The U.S. Global Change Research Program Act of 1990 requires the U.S. government to do periodic climate impact assessments of the United States. This Elements of Change report serves as a guide to help outline the content and approach taken for this important assessment. The content of this report reflects the discussions that took place at a 1997 AGCI meeting among federal agency representatives, university academics, and others. During the meeting, participants explored the critical scientific issues relating to the assessment and drafted a plan for its completion.
Characterizing uncertainty is a major issue in all scientific discourse, but it is of particular importance in climate change research. Widely publicized climate change findings, such as the periodic reports authored by the Intergovernmental Panel on Climate Change (IPCC), must find precision in their language so that the published findings are neither understated nor exaggerated and can be taken seriously by policymakers, the media, and the public. This Elements of Change report tackles this problem by summarizing the proceedings of a 1996 AGCI meeting that was convened to discuss how uncertainty is communicated in reports such as the one put out by the IPCC. In attendance were climate change researchers, policy analysts, and media experts, and this report addresses scientific, media, and policy related issues pertaining to uncertainty.
Societal ability to understand, build resiliency, and respond to natural hazards will be put to the test as global environmental changes, such as climate change, are likely to make natural disasters and hazard more common. This Elements of Change report discusses the main components of natural disaster reduction and illustrates why better disaster management and response is necessary in face of looming environmental change. Included in this report is a description of expected environmental changes that pose a threat to society, suggested procedures for natural disaster reduction, and the role of various private, government, civilian sectors in reducing the impacts of natural hazards.
Following the 1992 framework of the Convention on Climate Change, there was much discussion about how to create effective policy strategies for climate change. This Elements of Change report explores a variety of binding and non-binding approaches, focusing on the different strategies for developed and developing countries. In addition, the report compares and contrasts climate change policy development to other international environmental agreements such as those for protecting the ozone hole and regulating acid rain.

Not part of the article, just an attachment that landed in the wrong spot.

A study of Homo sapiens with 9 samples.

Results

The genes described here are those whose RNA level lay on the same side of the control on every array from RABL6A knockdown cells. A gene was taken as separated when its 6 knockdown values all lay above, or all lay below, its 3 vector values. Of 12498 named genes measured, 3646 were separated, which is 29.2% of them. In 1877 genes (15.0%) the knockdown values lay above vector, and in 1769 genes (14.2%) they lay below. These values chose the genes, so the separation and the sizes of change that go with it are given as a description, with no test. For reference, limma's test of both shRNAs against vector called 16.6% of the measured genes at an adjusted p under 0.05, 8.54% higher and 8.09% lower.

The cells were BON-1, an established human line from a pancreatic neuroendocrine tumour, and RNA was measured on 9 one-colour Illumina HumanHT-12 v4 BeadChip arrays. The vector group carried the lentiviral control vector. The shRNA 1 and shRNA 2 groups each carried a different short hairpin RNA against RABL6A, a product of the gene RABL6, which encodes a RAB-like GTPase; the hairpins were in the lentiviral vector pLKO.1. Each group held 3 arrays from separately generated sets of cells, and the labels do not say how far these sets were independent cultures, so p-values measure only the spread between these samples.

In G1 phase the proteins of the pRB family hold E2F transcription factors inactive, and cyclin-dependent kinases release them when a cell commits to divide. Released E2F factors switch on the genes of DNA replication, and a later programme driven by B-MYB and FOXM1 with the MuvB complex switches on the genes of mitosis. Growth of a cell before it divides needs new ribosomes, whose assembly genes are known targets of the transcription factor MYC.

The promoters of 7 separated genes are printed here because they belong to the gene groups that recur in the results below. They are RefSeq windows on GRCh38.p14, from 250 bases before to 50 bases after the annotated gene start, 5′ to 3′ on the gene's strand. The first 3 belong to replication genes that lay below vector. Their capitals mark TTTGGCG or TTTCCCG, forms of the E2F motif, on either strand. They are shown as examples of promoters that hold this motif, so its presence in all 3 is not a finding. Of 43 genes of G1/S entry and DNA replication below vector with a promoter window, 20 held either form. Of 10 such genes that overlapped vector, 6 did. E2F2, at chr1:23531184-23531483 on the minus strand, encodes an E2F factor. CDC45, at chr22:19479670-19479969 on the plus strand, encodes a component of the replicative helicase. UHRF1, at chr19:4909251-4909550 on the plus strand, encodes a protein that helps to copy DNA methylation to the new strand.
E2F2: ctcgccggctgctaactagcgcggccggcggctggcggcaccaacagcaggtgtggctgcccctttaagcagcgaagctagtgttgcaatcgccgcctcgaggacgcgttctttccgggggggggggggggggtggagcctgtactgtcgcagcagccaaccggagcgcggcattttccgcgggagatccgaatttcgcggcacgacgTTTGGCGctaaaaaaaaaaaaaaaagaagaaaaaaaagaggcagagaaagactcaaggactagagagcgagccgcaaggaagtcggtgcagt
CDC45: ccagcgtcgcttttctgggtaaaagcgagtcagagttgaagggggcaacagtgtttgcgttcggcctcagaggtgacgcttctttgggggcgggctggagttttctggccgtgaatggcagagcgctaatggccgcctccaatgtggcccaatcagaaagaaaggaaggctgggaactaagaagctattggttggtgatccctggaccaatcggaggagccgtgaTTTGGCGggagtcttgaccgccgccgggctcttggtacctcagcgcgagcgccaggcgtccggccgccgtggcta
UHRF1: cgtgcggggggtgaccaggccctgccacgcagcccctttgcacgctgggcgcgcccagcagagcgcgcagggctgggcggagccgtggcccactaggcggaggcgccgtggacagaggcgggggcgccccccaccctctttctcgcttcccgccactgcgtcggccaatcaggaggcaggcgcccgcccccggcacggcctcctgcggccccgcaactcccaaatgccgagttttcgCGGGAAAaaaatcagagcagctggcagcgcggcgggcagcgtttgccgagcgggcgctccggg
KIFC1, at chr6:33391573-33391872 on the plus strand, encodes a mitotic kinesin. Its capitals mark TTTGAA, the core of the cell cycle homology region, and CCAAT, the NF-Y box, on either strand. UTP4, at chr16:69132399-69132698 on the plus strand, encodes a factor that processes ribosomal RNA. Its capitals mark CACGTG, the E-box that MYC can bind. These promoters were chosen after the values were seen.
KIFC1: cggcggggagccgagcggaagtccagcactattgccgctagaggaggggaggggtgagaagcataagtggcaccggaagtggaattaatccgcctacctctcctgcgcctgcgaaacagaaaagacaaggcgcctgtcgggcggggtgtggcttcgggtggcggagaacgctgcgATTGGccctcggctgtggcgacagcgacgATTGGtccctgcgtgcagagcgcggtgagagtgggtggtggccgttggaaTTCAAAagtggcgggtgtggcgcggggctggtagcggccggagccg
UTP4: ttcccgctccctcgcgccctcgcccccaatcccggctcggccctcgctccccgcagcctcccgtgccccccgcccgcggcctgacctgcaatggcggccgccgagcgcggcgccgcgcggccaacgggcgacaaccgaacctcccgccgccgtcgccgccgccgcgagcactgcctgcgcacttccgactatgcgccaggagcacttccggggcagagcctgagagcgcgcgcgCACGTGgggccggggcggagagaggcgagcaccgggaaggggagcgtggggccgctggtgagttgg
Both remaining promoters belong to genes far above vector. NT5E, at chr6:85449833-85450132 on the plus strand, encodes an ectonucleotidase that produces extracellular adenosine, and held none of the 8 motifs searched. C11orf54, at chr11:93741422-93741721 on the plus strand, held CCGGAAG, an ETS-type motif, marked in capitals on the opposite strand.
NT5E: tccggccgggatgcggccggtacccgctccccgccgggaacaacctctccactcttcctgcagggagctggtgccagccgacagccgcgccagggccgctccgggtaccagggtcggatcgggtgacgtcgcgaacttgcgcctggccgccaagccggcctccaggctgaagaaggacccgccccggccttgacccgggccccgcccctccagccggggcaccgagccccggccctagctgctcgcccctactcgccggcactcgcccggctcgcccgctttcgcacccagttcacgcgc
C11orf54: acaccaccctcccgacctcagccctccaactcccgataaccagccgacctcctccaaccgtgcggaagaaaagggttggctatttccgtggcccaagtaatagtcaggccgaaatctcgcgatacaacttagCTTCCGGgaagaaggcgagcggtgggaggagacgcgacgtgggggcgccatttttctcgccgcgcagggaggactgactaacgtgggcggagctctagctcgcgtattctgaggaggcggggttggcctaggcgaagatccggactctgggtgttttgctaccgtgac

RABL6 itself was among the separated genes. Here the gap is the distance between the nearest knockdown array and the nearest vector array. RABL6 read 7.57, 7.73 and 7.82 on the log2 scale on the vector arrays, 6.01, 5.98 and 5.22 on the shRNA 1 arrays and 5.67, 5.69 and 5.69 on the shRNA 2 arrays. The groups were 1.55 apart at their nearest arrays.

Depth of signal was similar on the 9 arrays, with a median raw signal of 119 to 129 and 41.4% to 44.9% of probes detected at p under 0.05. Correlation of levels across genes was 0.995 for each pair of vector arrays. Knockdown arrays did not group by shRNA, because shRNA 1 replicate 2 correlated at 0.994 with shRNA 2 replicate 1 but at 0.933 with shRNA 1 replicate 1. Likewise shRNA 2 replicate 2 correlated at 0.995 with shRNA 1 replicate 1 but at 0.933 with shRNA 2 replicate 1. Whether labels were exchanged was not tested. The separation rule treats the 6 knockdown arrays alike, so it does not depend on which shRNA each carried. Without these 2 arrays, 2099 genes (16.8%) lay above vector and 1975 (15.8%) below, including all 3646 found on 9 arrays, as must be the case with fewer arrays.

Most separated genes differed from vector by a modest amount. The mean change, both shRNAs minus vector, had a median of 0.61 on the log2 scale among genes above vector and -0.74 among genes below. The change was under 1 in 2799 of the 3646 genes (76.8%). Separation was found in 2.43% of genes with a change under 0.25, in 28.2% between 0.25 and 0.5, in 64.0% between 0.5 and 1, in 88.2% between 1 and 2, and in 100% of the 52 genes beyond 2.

Since the onset of satellites, particularly Landsat in 1972, the ability to map vegetative cover type and changes in its aerial extent has led to a fundamentally new way of understanding the Earth and rates of change to its surface. This Elements of Change report explores the technical aspects of remote sensing and analysis of data along with a variety of ground truthing techniques. Furthermore, it uncovers the types of change in vegetative cover brought about by human activity. This report provides case studies from several continents and presents related issues such as the edge effect as a disturbance factor beyond the actual cover change area which is particularly evident in cover change in the Amazon.
It long has been recognized that habitat destruction and land use change due to human activity pose a serious threat to biodiversity. But what other threats are there and at what scale do they operate? This Elements of Change report explores the scale, mechanisms, as well as the ecological and economic impacts of biological invasion resulting from intentional and unintentional distribution of species accelerated by human activity. Control mechanisms and the consequences of inaction are discussed.
Many of the temperate zone major cities of the world, specifically those in Europe, Asia, and North America, are closely associated with large food-producing areas. This Elements of Change report looks into this relationship and the implications for the future organization of human populations and the quality of conditions necessary for productive agriculture and healthy urban environments. Particular attention is given to the case study of the metro-agro-plex in China. In addition, this report discusses issues associated with urban air and water pollution impacting agricultural productivity downstream and downriver and conversely agriculturally based pollutants from fertilizer, pesticides and soil erosion impacting neighboring urban areas.
This Elements of Change report grapples with the difficult question of how to anticipate change in dynamic and complex systems such as the physical, biological, and chemical properties of the Earth system confounded by human interactions with those systems both intentional and unintended. The report reflects the conclusions of an interdisciplinary group of scientists who collaborated to develop a typology of surprise and considered ways to anticipate thresholds and non-linear responses to forcings.
The understanding of climate change due to human activities is dependent on an understanding of the energy balance of the Earth. Clouds, their type and spatial coverage, play a key role in the EarthÕs energy balance. Better understanding of clouds and ways to more accurately represent them in models is key to the development of better climate models. This Elements of Change report discusses various observational methods from microphysical, synoptic, and the global scale as well as theoretical understanding of cloud formation and attenuation of incoming and outgoing radiation. Also included within this report are recommendations for observational needs and techniques along with a set of theoretical approaches for cloud parameterization in climate modeling.